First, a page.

January 11, 2022, 2:27 PM UTC

Peer-to-peer car-sharing platform Turo is revving its IPO engines, becoming the first major U.S. company this year to file for approval to go public.

The number of shares the company plans to offer and the price range for the share sale have yet to be determined, but IPO market researcher Renaissance Capital estimates the deal could raise up to $300 million.

Founded in 2009, the company has previously raised $467 million from investors, including Daimler and American Express Ventures, according to data from Crunchbase. Barry Diller’s IAC is the largest shareholder since July 2019, with a stake of more than 30%.

The San Francisco–based Turo maintains a platform through which over 85,000 car owners rent out some 160,000 vehicles across the United States, Canada, and the U.K. More than 1.3 million users booked over 7.4 million days over the nine months through September, making it the world’s largest car-sharing marketplace according to its own estimates.

Vehicles tend to spend on average 95% of the day idle, an underutilized yet expensive and depreciating asset for many cash-strapped car buyers. New software-based services offered by the likes of Uber, Lyft, and Turo are paving a trend toward user access to mobility at the expense of traditional car ownership.  

In a regulatory filing late on Monday, Turo argued transportation is ripe for disruption. More drivers are tempted to “forgo car ownership completely” in today’s age, the company said, while other enterprising car owners can earn a living or supplement their income by stepping into the void left behind. 

“We believe there are several seismic shifts in consumer behavior underway that are fueling our long-term opportunity,” Turo said in an S-1 form submitted to the U.S. Securities and Exchange Commission

The company aims to secure a greater slice of U.S. spending on mobility, which is estimated to be about $11,000 per household annually, according to estimates from the Bureau of Labor Statistics that Turo cited in its filing.

Pandemic setback

In addition to bringing transparency, efficiency, and liquidity to the short-term rental market, Turo argues its hosts can earn a little on the side or even go into business for themselves with the help of its platform. 

Assuming they offer up vehicles valued between $25,000 and $35,000, Turo says the typical U.S. car owner can earn $10,516 on average annually with just one car. That spare income can soar to $94,642 if they operate a fleet of nine.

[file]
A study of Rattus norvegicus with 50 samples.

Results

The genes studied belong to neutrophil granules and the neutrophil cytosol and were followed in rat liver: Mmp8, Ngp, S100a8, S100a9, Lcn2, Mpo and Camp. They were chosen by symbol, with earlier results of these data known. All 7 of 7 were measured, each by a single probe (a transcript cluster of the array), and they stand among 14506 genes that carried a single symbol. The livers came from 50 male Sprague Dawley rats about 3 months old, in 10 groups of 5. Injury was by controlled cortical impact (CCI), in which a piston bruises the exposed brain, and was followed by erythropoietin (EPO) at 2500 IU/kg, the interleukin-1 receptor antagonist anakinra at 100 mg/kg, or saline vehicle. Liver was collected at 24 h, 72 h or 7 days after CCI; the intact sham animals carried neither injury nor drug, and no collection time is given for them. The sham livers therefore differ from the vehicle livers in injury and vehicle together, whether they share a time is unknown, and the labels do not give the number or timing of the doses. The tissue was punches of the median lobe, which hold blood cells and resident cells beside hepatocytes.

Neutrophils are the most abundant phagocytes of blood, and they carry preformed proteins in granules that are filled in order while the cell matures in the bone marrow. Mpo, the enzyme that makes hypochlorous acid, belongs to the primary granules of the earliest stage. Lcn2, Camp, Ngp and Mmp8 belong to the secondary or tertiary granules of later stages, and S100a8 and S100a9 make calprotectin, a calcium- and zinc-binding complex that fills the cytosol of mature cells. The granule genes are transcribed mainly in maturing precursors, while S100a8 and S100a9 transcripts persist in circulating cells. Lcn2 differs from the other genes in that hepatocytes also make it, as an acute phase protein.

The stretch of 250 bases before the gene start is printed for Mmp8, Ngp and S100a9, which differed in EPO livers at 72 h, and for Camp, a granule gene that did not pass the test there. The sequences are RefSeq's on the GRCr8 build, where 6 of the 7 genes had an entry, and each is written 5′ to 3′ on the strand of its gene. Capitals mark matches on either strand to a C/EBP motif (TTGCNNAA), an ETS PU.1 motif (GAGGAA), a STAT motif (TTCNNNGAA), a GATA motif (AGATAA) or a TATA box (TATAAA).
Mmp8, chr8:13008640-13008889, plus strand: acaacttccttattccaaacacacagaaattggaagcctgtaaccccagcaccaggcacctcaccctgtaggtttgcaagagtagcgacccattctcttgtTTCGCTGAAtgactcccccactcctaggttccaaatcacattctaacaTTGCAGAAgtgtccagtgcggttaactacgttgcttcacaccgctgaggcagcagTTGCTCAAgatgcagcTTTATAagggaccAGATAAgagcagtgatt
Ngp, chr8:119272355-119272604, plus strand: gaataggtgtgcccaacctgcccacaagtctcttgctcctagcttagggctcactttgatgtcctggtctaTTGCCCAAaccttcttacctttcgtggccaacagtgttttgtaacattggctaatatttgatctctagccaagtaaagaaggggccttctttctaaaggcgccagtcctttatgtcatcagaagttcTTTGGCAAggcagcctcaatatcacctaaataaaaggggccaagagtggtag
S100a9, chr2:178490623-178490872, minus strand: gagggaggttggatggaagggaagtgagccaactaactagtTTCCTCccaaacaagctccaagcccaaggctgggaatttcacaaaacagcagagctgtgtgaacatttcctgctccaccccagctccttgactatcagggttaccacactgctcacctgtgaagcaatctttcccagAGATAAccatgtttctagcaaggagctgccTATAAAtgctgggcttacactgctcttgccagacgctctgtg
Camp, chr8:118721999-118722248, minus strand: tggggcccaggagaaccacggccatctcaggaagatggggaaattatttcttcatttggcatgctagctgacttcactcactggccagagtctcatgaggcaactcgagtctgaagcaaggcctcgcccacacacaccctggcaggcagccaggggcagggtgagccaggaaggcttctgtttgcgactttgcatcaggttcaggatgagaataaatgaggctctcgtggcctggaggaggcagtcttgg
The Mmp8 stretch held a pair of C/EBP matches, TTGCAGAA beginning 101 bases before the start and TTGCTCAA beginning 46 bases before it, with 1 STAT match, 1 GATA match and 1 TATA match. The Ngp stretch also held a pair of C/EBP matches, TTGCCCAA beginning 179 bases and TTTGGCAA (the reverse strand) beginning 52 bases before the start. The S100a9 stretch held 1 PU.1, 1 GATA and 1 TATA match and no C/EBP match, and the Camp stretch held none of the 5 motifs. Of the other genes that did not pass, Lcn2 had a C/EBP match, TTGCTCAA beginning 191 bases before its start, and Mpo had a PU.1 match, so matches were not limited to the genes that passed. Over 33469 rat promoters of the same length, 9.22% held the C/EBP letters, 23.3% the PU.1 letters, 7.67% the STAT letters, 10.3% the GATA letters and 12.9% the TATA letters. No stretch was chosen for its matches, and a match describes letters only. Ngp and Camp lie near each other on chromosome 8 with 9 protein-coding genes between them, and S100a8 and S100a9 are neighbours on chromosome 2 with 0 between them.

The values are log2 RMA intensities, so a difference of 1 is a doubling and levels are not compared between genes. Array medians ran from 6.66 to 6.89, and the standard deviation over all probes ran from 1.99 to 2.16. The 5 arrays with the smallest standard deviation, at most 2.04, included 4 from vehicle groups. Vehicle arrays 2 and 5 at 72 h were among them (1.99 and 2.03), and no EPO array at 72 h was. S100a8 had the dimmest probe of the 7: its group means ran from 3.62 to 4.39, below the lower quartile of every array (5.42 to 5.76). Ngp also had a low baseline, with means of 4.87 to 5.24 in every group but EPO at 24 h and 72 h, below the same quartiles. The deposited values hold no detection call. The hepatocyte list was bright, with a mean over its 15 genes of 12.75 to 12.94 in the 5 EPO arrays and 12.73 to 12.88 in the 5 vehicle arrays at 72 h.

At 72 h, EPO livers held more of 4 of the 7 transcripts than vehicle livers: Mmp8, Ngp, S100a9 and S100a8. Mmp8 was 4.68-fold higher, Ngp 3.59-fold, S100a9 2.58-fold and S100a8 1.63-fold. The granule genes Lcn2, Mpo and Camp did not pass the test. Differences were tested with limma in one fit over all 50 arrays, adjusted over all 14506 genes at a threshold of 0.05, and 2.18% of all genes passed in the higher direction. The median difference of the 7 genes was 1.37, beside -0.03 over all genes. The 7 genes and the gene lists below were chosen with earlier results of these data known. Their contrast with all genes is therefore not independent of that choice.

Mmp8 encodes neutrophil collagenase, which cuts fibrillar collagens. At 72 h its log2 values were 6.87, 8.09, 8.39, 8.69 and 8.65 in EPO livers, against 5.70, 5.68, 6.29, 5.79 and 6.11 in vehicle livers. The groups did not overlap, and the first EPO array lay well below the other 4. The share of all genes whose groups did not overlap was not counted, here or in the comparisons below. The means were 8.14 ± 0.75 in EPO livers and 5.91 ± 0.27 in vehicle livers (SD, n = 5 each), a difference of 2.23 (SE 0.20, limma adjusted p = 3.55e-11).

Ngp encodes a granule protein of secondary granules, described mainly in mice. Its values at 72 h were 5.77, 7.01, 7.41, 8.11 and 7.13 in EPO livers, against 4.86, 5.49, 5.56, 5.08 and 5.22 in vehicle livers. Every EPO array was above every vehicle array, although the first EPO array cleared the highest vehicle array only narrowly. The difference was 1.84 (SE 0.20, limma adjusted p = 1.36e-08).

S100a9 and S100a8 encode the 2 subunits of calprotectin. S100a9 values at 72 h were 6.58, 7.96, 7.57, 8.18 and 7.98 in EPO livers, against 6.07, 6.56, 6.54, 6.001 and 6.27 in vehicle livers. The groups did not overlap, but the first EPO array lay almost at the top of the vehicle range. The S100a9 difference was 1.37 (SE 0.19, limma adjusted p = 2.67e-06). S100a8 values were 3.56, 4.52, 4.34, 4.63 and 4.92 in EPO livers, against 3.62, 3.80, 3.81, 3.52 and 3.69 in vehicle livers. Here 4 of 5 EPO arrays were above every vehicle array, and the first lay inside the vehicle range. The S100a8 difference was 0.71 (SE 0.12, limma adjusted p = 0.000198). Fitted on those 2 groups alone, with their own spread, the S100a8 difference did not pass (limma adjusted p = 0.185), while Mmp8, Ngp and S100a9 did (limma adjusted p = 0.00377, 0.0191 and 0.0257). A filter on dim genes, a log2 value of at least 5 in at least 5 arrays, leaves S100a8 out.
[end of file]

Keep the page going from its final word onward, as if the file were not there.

The platform has suffered setbacks owing to the pandemic, however, most notably in Germany. After just over two years in the market, Turo CEO Andre Haddad wrote to users in Europe’s largest economy noting that he had decided to close the platform’s private car-sharing service down effective April 2020 in order to stem a tide of red ink.  

While it swung to an underlying profit (adjusted Ebitda) of $70 million in the first nine months of last year, its net loss during the period ballooned to $129 million, up from a comparable $52 million. That’s a hefty financial hole given its revenue only amounted to some $331 million. That top-line figure did, however, more than triple compared with the previous period in 2020.

Rather than list on the tech-heavy Nasdaq chosen by electric-vehicle maker Rivian for its blockbuster $13.7 billion IPO in November, the car-sharing platform plans to list under the ticker symbol TURO on the New York Stock Exchange with Wall Street banks Morgan Stanley and J.P. Morgan underwriting the sale.

Windows can close fast

According to EY consultancy firm, 2021 was a banner year for new stock issues, with 416 firms listing via an IPO and raising close to $156 billion. This represented an increase of over 80% in both cases and the best performance in the past 21 years. 

At the top of the list was Amazon-backed Rivian, maker of the award-winning R1T electric pickup truck, but other well-known names also floated on the market, such as meme “stonks” trading app Robinhood, dating site Bumble, and nondairy milk producer Oatly. (Crypto exchange platform Coinbase also went public but chose a direct listing rather than a classical IPO.)

Yet a large number of these companies have performed far below expectations. For example, Robinhood has seen its stock price plunge nearly 60% from its July $38 IPO level, and a whopping 80% from its record intraday high. Reflecting the difficulties faced by overpriced and overhyped stock market debutantes, the Renaissance IPO index, which tracks the average performance of newly listed U.S. companies, sank just over 10% during the year.

That hasn’t dissuaded others from possibly floating their shares on the market. Big names that have either confirmed intentions to go public this year or are reportedly exploring the option include Intel’s autonomous-driving subsidiary Mobileye, social media platform Reddit, fintech startup Stripe, plant-based meat producer Impossible Foods, and TikTok parent ByteDance.

With the Federal Reserve looking to finally rein in red-hot inflation by turning off the monetary spigot, consultants at EY advised any issuers eager to tap equity markets for funding this year to prepare early and strike quickly when market conditions are optimal. 

“Historically, IPO windows are the quickest to close and last to reopen amid periods of market turmoil,” the firm wrote last month.